Between 1957 and 1961, Robert Smithson (1938–1973) exhibited works with a stylistic affinity to Abstract Expressionism, which was then mainstream in New York. Although radically different from his later output in formal terms, these works already included recurring motifs and indulged in an interplay with the medium expressed via references to a Max Ernst series and the use of strips of painted paper. But after working for several months in Rome, Smithson withdrew from art circles and entered, in 1961, an exploratory period that lasted until 1964. During that intense research phase, his work took thoroughly new directions, in line with the artistic break made by the avant-gardes of the 1960s. It is to this pivotal period that Marian Goodman Gallery in Paris has dedicated the monographic exhibition “Primordial Beginnings.” The survey is being held concurrently with another Smithson exhibition, “Hypothetical Islands,” at Goodman’s London branch. The Paris show also includes later graphic works, such as Smithson’s preparatory sketches for his first Land Art works, including 1,000 Tons of Asphalt (1969) and Partially Buried Woodshed (1970), and minimalist works such as Surd Deposit (no date).
The visual experimentation of this corpus represents a geological and stratificational, rather than genealogical, plunge into his work. It echoes the recurrence of the motifs that run through it, and the paradigms that underwrite his writings, forming an illuminating cross-section of his oeuvre. The Smithsonian concepts of sedimentation and entropy, which here find a visual incarnation, link up with those of the Anthropocene, thus highlighting the artist’s radical topicality.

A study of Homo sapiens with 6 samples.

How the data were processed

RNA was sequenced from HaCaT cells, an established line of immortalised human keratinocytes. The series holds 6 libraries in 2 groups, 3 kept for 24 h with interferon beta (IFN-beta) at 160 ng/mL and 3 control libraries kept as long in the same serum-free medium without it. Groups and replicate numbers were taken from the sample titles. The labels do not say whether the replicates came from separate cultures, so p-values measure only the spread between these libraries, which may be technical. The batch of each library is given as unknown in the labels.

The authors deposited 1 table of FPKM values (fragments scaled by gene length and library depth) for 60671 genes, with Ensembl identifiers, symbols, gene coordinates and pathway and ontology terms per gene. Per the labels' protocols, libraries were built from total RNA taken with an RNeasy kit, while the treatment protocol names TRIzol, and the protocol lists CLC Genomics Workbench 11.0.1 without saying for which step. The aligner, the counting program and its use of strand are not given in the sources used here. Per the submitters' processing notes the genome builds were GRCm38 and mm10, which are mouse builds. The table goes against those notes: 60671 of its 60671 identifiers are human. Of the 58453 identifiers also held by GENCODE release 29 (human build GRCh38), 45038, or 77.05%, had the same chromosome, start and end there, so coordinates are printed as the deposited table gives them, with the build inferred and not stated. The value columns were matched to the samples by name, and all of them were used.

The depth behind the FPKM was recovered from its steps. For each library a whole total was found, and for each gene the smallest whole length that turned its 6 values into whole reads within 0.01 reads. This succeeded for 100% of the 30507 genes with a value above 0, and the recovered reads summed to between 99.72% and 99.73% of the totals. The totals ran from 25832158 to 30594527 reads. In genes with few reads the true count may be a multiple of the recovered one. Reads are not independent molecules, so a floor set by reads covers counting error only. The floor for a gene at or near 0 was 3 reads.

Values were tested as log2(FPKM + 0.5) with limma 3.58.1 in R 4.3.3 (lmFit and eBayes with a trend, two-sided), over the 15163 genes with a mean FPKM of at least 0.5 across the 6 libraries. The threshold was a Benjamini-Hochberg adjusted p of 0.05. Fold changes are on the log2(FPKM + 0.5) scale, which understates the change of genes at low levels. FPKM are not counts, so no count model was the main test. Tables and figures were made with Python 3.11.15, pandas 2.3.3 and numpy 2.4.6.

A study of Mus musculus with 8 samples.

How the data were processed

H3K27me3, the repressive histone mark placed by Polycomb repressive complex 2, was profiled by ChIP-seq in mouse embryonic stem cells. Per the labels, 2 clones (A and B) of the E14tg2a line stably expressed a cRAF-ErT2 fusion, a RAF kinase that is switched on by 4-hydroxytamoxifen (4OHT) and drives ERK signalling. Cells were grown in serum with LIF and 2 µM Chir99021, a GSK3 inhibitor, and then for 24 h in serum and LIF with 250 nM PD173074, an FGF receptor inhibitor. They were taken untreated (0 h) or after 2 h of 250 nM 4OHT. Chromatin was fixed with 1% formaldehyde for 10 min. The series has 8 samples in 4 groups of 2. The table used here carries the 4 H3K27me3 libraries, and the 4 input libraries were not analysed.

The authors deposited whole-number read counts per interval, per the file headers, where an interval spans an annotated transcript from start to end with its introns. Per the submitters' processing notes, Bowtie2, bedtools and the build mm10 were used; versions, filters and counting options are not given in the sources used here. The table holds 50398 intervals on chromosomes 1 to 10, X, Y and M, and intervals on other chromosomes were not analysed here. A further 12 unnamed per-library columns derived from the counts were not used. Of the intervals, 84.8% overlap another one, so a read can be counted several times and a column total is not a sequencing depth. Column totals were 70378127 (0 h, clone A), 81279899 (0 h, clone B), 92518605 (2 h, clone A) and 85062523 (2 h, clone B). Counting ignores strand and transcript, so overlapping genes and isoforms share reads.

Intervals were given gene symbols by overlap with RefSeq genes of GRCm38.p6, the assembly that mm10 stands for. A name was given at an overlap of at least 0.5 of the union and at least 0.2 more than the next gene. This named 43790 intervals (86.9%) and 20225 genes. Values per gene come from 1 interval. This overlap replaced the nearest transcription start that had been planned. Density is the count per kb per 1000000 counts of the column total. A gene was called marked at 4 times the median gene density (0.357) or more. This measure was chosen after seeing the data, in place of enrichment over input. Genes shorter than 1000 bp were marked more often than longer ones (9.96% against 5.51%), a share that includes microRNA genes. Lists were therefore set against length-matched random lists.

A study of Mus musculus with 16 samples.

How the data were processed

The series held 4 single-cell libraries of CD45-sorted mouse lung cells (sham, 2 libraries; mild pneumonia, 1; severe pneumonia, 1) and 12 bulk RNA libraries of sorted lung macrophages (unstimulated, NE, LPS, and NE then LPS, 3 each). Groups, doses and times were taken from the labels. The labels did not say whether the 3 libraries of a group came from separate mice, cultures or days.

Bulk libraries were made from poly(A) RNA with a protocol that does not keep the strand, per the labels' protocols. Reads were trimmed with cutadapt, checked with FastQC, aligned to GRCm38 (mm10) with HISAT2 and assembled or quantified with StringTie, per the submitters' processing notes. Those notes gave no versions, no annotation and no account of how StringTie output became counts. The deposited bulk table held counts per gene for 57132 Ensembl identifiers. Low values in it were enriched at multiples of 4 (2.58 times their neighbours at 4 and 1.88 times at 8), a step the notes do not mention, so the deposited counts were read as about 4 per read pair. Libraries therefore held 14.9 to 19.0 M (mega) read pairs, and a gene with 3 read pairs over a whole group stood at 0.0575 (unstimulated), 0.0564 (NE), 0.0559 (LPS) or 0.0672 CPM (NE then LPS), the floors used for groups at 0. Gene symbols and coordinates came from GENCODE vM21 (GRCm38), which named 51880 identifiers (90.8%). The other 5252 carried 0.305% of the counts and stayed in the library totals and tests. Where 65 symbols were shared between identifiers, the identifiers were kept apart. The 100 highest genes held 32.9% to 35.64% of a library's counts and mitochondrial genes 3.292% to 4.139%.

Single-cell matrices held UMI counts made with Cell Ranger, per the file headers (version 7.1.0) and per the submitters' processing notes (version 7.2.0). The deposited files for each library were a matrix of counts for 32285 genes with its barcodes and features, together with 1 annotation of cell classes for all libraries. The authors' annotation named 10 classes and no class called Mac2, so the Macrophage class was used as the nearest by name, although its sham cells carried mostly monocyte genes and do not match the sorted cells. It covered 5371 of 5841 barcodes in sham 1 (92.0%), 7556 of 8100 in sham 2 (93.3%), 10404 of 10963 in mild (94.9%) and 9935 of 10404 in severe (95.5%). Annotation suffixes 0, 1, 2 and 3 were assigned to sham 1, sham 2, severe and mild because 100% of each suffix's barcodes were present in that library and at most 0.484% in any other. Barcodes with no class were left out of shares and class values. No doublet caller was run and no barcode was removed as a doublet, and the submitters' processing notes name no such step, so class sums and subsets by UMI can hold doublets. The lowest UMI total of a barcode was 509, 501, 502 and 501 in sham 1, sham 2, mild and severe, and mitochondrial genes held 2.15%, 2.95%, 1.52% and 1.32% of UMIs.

A set of three untitled works on paper from 1961 form a phantasmagorical geological description, a central Smithsonian motif. The intensity of the flat black tints and the use of a two-color pink-and-black process call to mind Matisse. Yet, in Smithson’s use of them, they refer to notions of void and abyss in a proto-historical and science-fiction world, and to the notion of the fall in the Divine Comedy. One of these pictorial works undertakes a reversal of the root motif, which would be reused in the Valley of Suicides series (1962), which makes reference to Dante, and in the three-dimensional work Upside Down Tree (1969). This set helps us to understand such Smithson works as Spiral Jetty (1970) and A Nonsite (Franklin, New Jersey) (1968), which are based on the notion of stratification and on the twofold dimension of what is visible, or inventoried, and what is invisible, or underground. The two-color process underscores the ubiquity of this in his works, and in particular in Spiral Jetty.
These motifs taken together underpin the sketches on view in the exhibition, such as Evolution of Amphibians (1962) and the preliminary study Labyrinthodtia (1962); graphic works such as Untitled (1962), which overlays the Angel figure on that of the dinosaur and scriptural elements; and Dull Earth (1962), which uses the geological motif. This is also the case with the collages. Algae, algae (1961–63) superimposes on an ad infinitum reiteration of this word, in a green hue that depicts the deepest depths of the sea, a set of vignettes of black-and-white images of turtles cut out from magazines, which seem to move around within an ocean of letters. Untitled (1963) organizes vignettes of pink-enhanced reptiles around the central figure of a naked woman, which conjures up the pin-up in his three-dimensional piece The Machine Taking a Wife (1964). The machine motif is also present between the lines in Paris in the Spring (1963), which brings together the figure of an angel wearing heart-shaped glasses, a dinosaur, the Eiffel Tower, and a vignette containing tools, illustrating Smithson’s conviction that “today’s highly refined technological tools are not much different in this respect from those of the caveman.” These references to Duchamp’s work give credence to the analysis whereby Smithson’s so-called “popular” praxis in fact echoes that of the avant-gardes from the 1920s to the 1940s.